February, 2010

February, 2010

Saturday, January 16, Auburn (Map 11)

Went for a snowshoe in Mount Apatite Park this afternoon. There is a large network of trails to enjoy with the highlight being a visit to the old mineral quarries. The quarries now long silent offer up some nice views of some rather large ice falls. Along the trial there was some scant with a great deal of hair in it which I think must have been from a coyote. Later on I came across a large area in the snow that was stained with blood and a good deal of deer hair left behind. It was hard to tell what really happened there. Was a deer all ready dead,sick or injured? Or had the coyotes made a fresh kill the night before. This was before the big snows that covered part of the state on Jan. 18 and 19 so I would think a healthy deer would have no problem getting away from a hungry coyote. SY
Thursday, January 21, Brunswick (Map 6)
During the winter months these ducks call this open stream on the campus of the Parkview Medical Center home. SY
Tuesday, January 26, Alna (Map 13)
Close to 2″ of rain fell on much of the state on Monday and it caused a number of ice jams on the states rivers. My travels for the day took me through the Head Tide section of Alna where a jam had formed on the Sheepscot River causing the closing of a road earlier in the day. SY

Sunday, January 31, Rangeley (Map 28)
All winter I’ve had a flock of snow buntings at my feeder and out in the field. On Sunday afternoon, I glanced out the back window and say this flash of red. Running to the window I saw a red fox stalking the birds. By the time I got my camera and the telephoto attached the birds flew off and and the fox walked off.  KB

 


Quoddy Nature Notes

by Fred Gralenski

 

What’s a ‘Bebop’?  Well, many years ago, before I was reincarnated as a Mainer, I lived in New Hampshire.  Even then I was interested in nature, and I would read the nature column in the Manchester Union Leader.  At that time there was a casual movement to get a state-wide hunting season on Mourning doves, and the nature writer that I had often read  rose up in indignation against the idea, and wrote passionately against the prospect of hunting the ‘…beloved bird of peace’.  Unfortunately I’m afflicted with a big slab of sarcasm, and ‘BEloved  Bird Of Peace’ evolved into ‘Bebop’ as my name for mourning doves.  Now Cranky the Bebop spends a lot of time under our bird feeders picking up the dropped sunflower seeds and cracked corn.  He’s obviously cranky, because he is always alone while most other bebops in the Quoddy region are in flocks.  He also doesn’t tolerate bluejays on his turf, and vigorously chases them away.  Now in a slam bang tussle I would bet on the smaller bluejay as a bluejay is more agile and equipped with a pretty formidable beak.  Critters, however, very seldom get into slam-bang tussles, and the aggressor usually gets his way.  I think that animals, especially birds, realize that the perils of getting banged up, even just a little, may compromise their ability for survival, and take a practical view of the situation and generally retreat from serious conflict.

Under real wilderness circumstances, Cranky, or any other mourning dove for that matter, wouldn’t be here.  Mourning doves normally migrate to warmer climates where they can get natural food and don’t have to depend on bird feeding people to survive.  But maybe Cranky and his ilk are weighing their chances, as most states have a hunting season on Mourning doves, but in New England the only state with a season for this bird is Rhode Island.  Hunting seasons anywhere are somewhat controversial, but the emotional rhetoric rises astronomically when the subject of dove hunting is addressed.  At about 500 million strong, mourning doves nest in all states except Hawaii.  They typically have two offspring per brood and have from two to five broods a year.  Here in the Quoddy region mourning doves usually have two and sometimes three broods.  In some states, like Alabama, the economic impact of mourning dove hunting is significant, and nation-wide the harvest is about 20 million birds.  Since mourning doves are skilled fliers and capable of speeds greater than 50 miles per hour, it is estimated that for each bird harvested about 8 shots are fired, for an ammunition expenditure alone of this sport of about $48 million.  Are mourning doves a major pest anywhere and do the numbers need to be managed by hunting?  Probably not, unless you have just seeded your lawn.  Mourning doves provide food for wild critters such as Peregrine falcons and hawks and owls, and I once saw a bobcat make a half-hearted effort to catch a mourning dove, but he was unsuccessful.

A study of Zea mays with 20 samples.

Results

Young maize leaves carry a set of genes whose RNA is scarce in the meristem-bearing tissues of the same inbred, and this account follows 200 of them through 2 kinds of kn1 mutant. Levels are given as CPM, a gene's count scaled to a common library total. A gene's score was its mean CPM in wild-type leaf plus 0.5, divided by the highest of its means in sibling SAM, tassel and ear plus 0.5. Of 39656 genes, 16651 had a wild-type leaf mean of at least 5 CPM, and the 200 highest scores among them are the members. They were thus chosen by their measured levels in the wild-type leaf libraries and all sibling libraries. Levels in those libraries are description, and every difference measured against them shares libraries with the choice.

I don’t feel that hunting presently impacts the numbers of mourning doves, but I am concerned about the future.  According to my calculations there are over 5600 tons of shot, usually #7 1/2 or 8, fired at just mourning doves annually.  I would like to see the requirement that only non-toxic shot be used on all upland and field game, as is the present requirement for all waterfowl.  Since this may result in more wounded animals, I would like to require all hunters who pursue this sport to utilize a dog.  A pooch is pretty handy at finding and retrieving a wounded or lost bird.  And lastly for my tirade, push edibility of all game.  I don’t always agree with Gerry Lavigne, the well known wildlife biologist, but I enthusiastically support his recommendation of eating wild game, even the unusual stuff.  From his own words, “ I operate a commercial smoke-house for wild game, and everyone thinks my coyote-meat pepperoni  ‘yodel sticks’  are delicious.”And as for you, Cranky, act a little more like the beloved bird of peace and quit harassing my bluejays.  The stuff I put out there is for all of you critters.